Police and medical personnel move a Canadian soldier into an ambulance at the scene of a shooting at the National War Memorial in Ottawa, Canada. (Michel Comte/AFP/Getty Images)
Police and medical personnel move a Canadian soldier into an ambulance at the scene of a shooting at the National War Memorial in Ottawa, Canada. (Michel Comte/AFP/Getty Images)

A Canadian soldier standing guard at a war memorial in the country's capital was shot to death Wednesday, and gunfire then erupted inside Parliament, authorities said. One gunman was killed, and police said they were searching for as many as two others.

People fled Parliament by scrambling down scaffolding erected for renovations, while others took cover inside as police with rifles and body armor took up positions outside and blocked the normally bustling streets around the building.

Witnesses said the soldier was gunned down by a man dressed all in black with a scarf over his face. They said the gunman then entered Parliament, where dozens of shots rang out.

Ottawa police spokesman Chuck Benoit said two or three gunmen were believed to be involved in the attack. Gilles Michaud, assistant commissioner of the Royal Canadian Mounted Police, called it a "dynamic, unfolding situation."

Ottawa Hospital said it received two patients, both listed in stable condition, in addition to the soldier.

The attack came two days after a recent convert to Islam killed one Canadian soldier and injured another in a hit-and-run before being shot to death by police. The killer had been on the radar of federal investigators, who feared he had jihadist ambitions and seized his passport when he tried to travel to Turkey.

Canada had raised its domestic terror threat level from low to medium Tuesday because of "an increase in general chatter from radical Islamist organizations," said Jean-Christophe de Le Rue, a spokesman for the public safety minister.

On Wednesday, Tony Zobl, 35, said he witnessed the soldier being gunned down from his fourth-floor window directly above the National War Memorial, a 70-foot, arched granite cenotaph, or tomb, with bronze sculptures commemorating World War I.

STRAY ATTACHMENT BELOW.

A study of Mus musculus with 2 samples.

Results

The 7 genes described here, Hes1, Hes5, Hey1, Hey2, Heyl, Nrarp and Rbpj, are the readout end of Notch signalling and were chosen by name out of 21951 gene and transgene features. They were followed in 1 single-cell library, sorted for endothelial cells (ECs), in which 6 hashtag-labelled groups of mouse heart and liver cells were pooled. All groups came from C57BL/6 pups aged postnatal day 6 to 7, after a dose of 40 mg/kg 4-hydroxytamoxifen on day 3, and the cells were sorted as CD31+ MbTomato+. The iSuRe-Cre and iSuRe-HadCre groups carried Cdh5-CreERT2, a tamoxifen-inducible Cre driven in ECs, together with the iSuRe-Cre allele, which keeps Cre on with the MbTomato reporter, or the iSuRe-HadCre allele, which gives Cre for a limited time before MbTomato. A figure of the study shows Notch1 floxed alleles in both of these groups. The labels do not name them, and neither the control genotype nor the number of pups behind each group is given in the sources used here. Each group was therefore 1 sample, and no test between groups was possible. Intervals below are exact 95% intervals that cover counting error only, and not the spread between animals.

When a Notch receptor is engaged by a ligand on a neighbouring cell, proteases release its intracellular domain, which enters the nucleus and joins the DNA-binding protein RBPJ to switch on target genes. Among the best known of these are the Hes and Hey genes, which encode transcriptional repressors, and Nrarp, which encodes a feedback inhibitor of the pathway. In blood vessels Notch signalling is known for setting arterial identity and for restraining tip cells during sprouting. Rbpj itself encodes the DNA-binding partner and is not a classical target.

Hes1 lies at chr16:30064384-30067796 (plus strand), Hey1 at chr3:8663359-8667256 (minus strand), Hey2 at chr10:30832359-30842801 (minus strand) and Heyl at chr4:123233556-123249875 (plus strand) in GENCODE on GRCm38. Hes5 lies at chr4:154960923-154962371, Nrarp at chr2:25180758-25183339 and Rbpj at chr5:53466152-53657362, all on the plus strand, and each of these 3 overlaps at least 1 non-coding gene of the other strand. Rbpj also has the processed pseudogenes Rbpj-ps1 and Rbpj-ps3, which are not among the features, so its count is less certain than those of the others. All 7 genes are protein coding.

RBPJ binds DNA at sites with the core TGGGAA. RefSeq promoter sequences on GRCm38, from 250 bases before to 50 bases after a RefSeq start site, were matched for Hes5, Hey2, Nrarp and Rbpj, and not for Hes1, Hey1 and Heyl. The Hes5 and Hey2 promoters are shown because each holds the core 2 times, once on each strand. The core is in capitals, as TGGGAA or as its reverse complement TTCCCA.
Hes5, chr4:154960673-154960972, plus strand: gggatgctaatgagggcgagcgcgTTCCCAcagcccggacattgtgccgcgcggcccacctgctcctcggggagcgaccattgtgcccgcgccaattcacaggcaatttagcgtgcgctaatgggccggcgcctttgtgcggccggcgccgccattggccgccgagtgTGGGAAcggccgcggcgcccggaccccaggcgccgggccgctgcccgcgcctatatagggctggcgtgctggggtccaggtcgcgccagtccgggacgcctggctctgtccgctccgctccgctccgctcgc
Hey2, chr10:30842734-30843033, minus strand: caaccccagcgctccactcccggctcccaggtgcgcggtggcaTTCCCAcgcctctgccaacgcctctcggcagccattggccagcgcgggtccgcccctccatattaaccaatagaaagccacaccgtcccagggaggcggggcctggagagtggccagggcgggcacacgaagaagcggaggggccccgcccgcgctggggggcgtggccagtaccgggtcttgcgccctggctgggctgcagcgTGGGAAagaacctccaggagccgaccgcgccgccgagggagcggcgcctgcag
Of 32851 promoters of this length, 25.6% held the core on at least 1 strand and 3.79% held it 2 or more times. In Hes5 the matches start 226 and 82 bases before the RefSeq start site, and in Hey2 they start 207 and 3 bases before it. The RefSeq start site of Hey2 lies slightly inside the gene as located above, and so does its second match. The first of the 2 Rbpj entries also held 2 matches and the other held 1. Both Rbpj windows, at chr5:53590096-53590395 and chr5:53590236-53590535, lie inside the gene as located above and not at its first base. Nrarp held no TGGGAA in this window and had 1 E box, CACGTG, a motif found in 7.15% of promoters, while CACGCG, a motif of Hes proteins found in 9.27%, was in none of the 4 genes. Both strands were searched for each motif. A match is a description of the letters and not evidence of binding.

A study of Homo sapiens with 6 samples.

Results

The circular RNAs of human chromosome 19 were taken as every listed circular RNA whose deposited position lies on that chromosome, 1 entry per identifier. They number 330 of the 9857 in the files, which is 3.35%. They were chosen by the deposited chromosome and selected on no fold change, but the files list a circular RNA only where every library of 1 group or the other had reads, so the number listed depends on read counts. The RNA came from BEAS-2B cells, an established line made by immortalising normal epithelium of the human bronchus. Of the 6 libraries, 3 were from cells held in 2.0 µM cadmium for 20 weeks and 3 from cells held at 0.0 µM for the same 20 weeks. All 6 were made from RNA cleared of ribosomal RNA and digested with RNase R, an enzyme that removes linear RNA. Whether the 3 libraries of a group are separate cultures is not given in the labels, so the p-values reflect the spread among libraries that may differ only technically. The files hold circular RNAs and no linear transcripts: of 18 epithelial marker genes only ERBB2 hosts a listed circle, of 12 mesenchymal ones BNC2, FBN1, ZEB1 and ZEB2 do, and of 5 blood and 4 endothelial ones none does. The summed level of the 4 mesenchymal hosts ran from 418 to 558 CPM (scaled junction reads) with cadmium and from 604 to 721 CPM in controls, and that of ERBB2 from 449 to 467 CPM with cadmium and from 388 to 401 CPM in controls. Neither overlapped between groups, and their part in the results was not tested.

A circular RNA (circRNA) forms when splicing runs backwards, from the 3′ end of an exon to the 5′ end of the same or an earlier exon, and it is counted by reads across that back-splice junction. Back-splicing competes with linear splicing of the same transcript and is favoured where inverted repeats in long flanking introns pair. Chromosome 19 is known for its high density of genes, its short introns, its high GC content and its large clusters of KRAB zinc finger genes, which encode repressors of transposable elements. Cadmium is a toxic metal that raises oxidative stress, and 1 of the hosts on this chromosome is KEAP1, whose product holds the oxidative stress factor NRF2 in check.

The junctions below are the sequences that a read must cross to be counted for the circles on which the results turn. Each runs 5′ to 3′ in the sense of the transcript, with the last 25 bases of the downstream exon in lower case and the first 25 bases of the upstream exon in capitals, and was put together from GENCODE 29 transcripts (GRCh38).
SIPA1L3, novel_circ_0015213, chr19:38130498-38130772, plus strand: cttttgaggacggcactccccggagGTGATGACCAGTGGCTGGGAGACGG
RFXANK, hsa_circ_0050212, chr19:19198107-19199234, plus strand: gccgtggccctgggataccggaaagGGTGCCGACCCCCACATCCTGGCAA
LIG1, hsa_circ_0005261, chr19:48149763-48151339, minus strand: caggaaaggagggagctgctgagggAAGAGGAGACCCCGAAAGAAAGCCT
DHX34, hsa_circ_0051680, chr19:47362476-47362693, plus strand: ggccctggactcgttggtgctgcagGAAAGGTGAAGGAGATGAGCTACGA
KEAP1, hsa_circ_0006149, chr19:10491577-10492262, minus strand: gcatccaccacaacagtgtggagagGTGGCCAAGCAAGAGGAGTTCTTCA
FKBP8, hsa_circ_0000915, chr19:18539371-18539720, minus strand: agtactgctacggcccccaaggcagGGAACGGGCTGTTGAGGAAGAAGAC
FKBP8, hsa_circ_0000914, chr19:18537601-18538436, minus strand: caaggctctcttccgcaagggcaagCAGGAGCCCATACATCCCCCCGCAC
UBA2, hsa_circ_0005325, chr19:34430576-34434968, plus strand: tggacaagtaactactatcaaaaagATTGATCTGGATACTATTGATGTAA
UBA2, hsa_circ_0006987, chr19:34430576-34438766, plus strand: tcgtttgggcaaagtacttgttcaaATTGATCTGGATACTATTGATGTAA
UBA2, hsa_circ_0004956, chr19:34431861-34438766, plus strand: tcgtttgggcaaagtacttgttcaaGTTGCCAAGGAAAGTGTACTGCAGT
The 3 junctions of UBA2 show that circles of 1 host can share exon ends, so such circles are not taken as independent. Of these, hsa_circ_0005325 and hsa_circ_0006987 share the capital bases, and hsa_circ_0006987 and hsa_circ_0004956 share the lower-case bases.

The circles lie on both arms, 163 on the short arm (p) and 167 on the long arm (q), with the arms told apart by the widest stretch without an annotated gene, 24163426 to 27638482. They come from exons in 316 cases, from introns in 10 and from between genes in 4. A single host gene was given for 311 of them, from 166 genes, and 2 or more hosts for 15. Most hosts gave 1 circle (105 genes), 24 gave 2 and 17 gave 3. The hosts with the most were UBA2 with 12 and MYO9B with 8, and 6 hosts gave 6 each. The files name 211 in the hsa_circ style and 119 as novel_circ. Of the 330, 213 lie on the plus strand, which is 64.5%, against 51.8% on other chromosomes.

"I looked out the window and saw a shooter, a man dressed all in black with a kerchief over his nose and mouth and something over his head as well, holding a rifle and shooting an honor guard in front of the cenotaph point-blank, twice," Zobl told the Canadian Press news agency.

"The honor guard dropped to the ground, and the shooter kind of raised his arms in triumph holding the rifle."

Zobl said the gunman then ran up the street toward Parliament Hill.

Cabinet minister Tony Clement tweeted that at least 30 shots were heard inside Parliament, where Conservative and Liberal MPs were holding their weekly caucus meetings.

"I'm safe locked in a office awaiting security," Kyle Seeback, another member of Parliament, tweeted.

The top spokesman for Prime Minister Stephen Harper said Harper was safe and had left Parliament Hill. The U.S. Embassy in Ottawa was locked down as a precaution.

Officials also canceled two events in Toronto honoring Pakistani teenager and Nobel laureate Malala Yousafzai, including one in which she was supposed to receive honorary Canadian citizenship. The teenager was shot in the head by a Taliban gunman in 2012 for calling for schooling for girls.

Royal Canadian Mounted Police warned people in downtown Ottawa to stay away from windows and rooftops.

Scott Walsh, 21, a construction worker working in a manhole right in front of Parliament Hill, said he heard shots go off at the War Memorial.

"We're in construction and we're used to loud bangs. When people started screaming and running, that's when I clued, and I saw this guy running" with a gun, he said. "It was intense. I didn't think it was real. "

He said the gunman had long black hair with a scarf covering the bottom half of his face.

Guest

  • James Fitz-Morris, senior parliamentary reporter for the Canadian Broadcasting Corporation (CBC) in Ottawa. He tweets @FitzmoCBC.